Ealing Council has called time on controversial plans to redevelop its Perceval House site in Ealing Broadway. It says it will now refurb and retrofit the existing building and will start work on it at the end of 2023.

In a statement, Labour-run Ealing Council said it would no longer progress with redevelopment plans for the site and said the decision was taken by mutual agreement with the council’s development partner Vistry Group.

Since announcing the redevelopment in 2014, the council says external factors including an increase in materials and construction costs along with a rise in inflation would not make the project cost effective. It also said “changes were required to the design and structure of the planned buildings to ensure that they complied with the latest fire safety regulations. Those changes were very difficult to incorporate into the existing designs and therefore significantly affected the financial viability of the scheme.”

The council’s new vision is for the ground floor to be used by the community and offer two further floors for businesses to lease. It said that three floors will be used as office space for council staff and democratic functions.

Council leader Councillor Peter Mason commented: “When we inherited the old plans for Perceval House, it was clear that the proposals represented a huge change for the borough, one with a big financial commitment and many years of disruption. With the old scheme now at an end, we can turn our minds to reimagining a new council building, open to the public, accessible to resident’s needs, inclusive, and with the community at the heart of it.

“By taking a retrofit-first approach to our renewed proposals for our council HQ, we’re fulfilling our pledge to do all we can to tackle the climate crisis and be carbon neutral as a council by 2030. We equally remain committed to building genuinely affordable homes, reducing car use, and supporting the transition to renewable energy, so we’re going to take some time to reconsider how we do just that whilst keeping Perceval House open.”

Councillor Mason said the council will begin “very soon” engagement with Ealing residents and council staff about plans for the building.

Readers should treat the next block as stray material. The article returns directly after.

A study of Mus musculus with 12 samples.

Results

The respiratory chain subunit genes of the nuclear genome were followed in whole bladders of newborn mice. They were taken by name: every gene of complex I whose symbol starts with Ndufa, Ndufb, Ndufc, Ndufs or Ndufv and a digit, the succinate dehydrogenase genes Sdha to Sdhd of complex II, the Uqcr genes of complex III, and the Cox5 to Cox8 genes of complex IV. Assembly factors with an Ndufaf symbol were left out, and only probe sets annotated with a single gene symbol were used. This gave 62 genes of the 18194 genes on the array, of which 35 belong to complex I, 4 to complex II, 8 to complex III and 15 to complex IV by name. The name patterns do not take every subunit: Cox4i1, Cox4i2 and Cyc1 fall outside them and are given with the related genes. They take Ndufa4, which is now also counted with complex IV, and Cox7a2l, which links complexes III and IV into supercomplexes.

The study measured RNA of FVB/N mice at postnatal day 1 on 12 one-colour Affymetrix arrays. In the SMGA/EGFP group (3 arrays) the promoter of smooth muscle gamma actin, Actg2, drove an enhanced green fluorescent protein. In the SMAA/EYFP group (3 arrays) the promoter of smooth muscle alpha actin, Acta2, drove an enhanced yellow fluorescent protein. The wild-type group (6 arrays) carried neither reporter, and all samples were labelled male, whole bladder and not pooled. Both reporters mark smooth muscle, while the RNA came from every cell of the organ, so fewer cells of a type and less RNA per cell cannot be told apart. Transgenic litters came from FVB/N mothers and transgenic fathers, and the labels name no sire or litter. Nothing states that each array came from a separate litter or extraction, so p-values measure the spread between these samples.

Councillor Steve Donnelly, cabinet member for an inclusive economy added: “Rising inflation, building material and rapid increases to labour costs, as well as substantial changes in building regulations have all impacted the Perceval House proposals. There comes a point in any project paid for by the public purse that you have to stop. This administration will always ensure we are sensible and prudent with public money.”

Councillor Shital Manro, cabinet member for good growth, said: “We remain committed to getting more genuinely affordable homes built in the borough and increasing local electricity capacity to support the transition to cleaner energy. So we will keep looking at options for how part of the site can support those aims, such as the council’s car park on Longfield Avenue.

“This reset also means that any future plans for residential development on this site will comply with our new Local Planning Policy Guidance on tall buildings, and therefore will not be as high as some elements of the previous scheme.”

Councillor Jon Ball outside Perceval House
Councillor Jon Ball outside Perceval House

Speaking to EALING.NEWS, Liberal Democrat Councillor Jon Ball, opposition spokesperson on Planning and Housing said: “I am relieved that the Perceval House scheme will not be going ahead. The tall tower was unacceptable right next to the Grade II listed Ealing Town Hall, one of the most important buildings in Ealing’s Victorian heritage and we in the Lib Dem group campaigned against this scheme.”

Councillor Ball added: “However this will leave a huge hole in the council’s finances and also in its affordable housing plans. The Labour leadership must urgently answer the questions that this announcement poses.”


Ealing Council chief executive Tony Clements commented: “We know that we need to make a shift in our working culture and practices to deliver on the ambitions of the Council Plan and deliver great services for the people of Ealing. At the heart of this are council staff and their interactions with each other and our communities. We need a building that reflects those requirements, and we believe this can be achieved by staying where we are and retrofitting Perceval House for the future.”

Speaking to EALING.NEWS, Neil Reynoids, chair of Ealing Green Party said: “A retrofit first approach is welcome and this is the right decision. I hope the council extend this policy as far as possible to other properties they intend to redevelop.”

A Vistry Group spokesperson said: “The economic and technical conditions effecting the project have been exceptional and we are grateful to have worked closely with the council and Greater London Authority to attempt to mitigate these. We fully support the council’s new strategy which will enable fast delivery of important facilities for the council and community.”